The Brooklyn Nets get to go into Saturday night's game against the New York Knicks without the baggage of a losing slide or late-game disappointments. Against the Toronto Raptors, the team with the best record in the NBA, they matched the Raptors basket-for-basket through the fourth quarter, came through with stops at the end of regulation and overtime, and got the winning shot they need.
"I feel like at the end of the day it's about high character guys," said Rondae Hollis-Jefferson of the way the Nets grabbed a clutch win and stuck together through a tough stretch. "The people you have in your locker room are really solid dudes, really great guys. You can talk to them about anything. That's what it comes down to at the end of the day. You've got a brotherhood here that means a lot to people. You really care about them. We know about people's family, we know about people's lives. We're open to talk about it with one another. It's pretty big. It's bigger than basketball for us. It means the world to us. When you have guys like that, you can go on the court and go to war with these guys."
RUSSELL AND DINWIDDIE PUNISH RAPTORS
D'Angelo Russell had a big night for the second time in three games with 29 points against the Raptors on Friday night. Russell shot 13-for-22 overall and also had five assists and four rebounds. On Monday, he went for 30 points with eight rebounds and six assists against Cleveland.
Against Toronto, he carried the Nets in the third quarter, then scored Brooklyn's first six points of overtime.
"Huge," said Nets coach Kenny Atkinson. "What can I say. We needed his offense. He kind of carried us. Without him I'm not sure how you score against that team tonight. They're so athletic and every shot is contested. They're a heck of a defensive team. That's one of D'Angelo's talents. He's a high-level scorer and we needed it tonight."
With the Raptors pressuring the 3-point line, it opened up some lanes inside the arc for the Nets' guards. Russell punished the Raptors with mid-range pull-ups, while Spencer Dinwiddie attacked the rim for 17 points and led the team with eight assists.
"You take what they give you," said Russell. "They gave us the mid-range. They gave us deep penetrations and late dish-offs. They gave us the scramble plays on offense. Just have to take advantage of it."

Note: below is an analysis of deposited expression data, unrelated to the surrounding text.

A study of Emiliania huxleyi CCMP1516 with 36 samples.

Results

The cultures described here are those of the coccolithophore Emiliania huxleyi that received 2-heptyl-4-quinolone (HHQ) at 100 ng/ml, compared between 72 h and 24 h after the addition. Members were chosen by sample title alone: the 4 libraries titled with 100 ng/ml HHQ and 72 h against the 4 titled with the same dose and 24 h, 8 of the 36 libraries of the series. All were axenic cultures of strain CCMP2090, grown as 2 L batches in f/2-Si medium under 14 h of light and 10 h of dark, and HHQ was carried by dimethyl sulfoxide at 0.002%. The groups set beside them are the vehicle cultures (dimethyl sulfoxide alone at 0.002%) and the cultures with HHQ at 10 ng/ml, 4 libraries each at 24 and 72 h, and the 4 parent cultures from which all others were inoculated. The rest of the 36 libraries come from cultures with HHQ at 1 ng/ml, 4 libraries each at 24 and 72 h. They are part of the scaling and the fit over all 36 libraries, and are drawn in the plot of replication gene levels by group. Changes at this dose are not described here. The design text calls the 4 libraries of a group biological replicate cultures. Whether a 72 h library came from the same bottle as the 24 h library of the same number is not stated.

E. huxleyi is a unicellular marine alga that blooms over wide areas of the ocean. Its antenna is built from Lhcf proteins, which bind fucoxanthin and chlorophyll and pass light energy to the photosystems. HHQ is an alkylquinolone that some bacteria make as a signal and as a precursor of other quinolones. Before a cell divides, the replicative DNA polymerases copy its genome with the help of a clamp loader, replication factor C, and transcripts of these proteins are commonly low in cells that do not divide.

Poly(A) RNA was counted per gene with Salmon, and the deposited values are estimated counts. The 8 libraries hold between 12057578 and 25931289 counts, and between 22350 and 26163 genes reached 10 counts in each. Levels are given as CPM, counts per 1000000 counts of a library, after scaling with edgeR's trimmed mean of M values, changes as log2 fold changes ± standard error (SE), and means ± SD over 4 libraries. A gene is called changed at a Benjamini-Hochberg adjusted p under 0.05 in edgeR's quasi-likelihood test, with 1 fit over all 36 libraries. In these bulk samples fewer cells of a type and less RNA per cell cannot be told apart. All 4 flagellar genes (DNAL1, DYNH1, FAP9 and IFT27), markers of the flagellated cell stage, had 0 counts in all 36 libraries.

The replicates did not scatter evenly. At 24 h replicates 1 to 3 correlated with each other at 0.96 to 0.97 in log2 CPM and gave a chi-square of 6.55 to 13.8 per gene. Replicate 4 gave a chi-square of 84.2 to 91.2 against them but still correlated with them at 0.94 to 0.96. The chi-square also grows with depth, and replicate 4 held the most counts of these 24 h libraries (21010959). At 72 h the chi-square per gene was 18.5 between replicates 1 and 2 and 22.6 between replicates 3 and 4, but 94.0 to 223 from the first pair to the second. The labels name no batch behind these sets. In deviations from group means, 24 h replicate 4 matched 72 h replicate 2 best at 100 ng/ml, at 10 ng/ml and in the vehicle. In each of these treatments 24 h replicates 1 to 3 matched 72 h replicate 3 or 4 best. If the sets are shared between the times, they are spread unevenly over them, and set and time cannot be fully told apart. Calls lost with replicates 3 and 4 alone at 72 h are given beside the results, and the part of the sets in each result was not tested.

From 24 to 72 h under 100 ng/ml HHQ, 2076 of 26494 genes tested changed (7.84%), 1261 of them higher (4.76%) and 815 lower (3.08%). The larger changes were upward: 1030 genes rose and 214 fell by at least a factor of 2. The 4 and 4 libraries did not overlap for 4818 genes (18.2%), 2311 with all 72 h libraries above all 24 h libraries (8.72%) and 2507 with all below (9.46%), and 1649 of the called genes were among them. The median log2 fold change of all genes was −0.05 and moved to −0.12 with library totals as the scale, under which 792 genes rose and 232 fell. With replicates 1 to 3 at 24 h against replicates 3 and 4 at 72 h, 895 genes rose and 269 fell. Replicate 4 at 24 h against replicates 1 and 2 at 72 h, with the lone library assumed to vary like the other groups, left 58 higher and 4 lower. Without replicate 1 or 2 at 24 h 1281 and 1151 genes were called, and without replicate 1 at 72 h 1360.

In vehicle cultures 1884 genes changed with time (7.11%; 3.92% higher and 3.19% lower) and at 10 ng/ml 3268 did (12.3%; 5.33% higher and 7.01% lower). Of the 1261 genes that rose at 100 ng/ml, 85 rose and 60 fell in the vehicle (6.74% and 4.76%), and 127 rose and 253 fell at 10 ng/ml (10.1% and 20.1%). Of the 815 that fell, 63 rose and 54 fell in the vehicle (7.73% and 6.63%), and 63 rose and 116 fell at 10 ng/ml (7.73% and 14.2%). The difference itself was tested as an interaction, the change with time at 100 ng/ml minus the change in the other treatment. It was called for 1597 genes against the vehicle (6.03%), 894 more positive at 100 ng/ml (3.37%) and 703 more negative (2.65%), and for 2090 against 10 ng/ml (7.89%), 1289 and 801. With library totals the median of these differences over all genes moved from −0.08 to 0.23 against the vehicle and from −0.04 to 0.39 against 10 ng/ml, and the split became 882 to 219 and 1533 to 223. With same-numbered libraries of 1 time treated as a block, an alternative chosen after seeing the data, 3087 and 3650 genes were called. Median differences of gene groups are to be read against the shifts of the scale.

Dinwiddie had eight of Brooklyn's 18 points in the fourth quarter. When Jarrett Allen gave the Nets a 98-96 lead late in regulation, it came off an offensive rebound after Dinwiddie again got to the rim.
In overtime, Allen's game-winner came off a Dinwiddie assist on a drive.
"They switched everything," said Atkinson. "Teams are going to that now and if you don't have a guy that can get downhill it makes it really difficult. So he can get the switch, he can drive it. I wish he would move it a little more sometimes, but you need that guy who can get downhill."
RONDAE GETS HIS STOP
Kawhi Leonard did not missed Toronto's last shot in regulation. He didn't get the last shot in overtime, giving up the basketball. Count that as a win for Rondae Hollis-Jefferson.
"If I had a game ball, I'd give it to him," said Atkinson. "He embraced his role. That was the Rondae that we've seen. We saw last year. I still don't think he's in peak form. I think he's still coming back from his injury in the summer. He was out a long time. But he was fantastic; 103-102, there's a loose ball and he jumps on in, we get the jump ball, and then we win the jump ball. Those are the plays, and I think the players talked about that in the film session, quote unquote winning plays we weren't making. Whether it was a box out, whether it was a 50/50 ball. He led it, he was great tonight."
ABOUT THE KNICKS
The Knicks are 8-18 after Thursday's 128-100 loss to the Boston Celtics. They've split their two regular season meetings with the Nets so far. Tim Hardaway Jr. is leading the Knicks with 22.1 points per game, while Enes Kanter is averaging 14.9 points and 11.7 rebounds.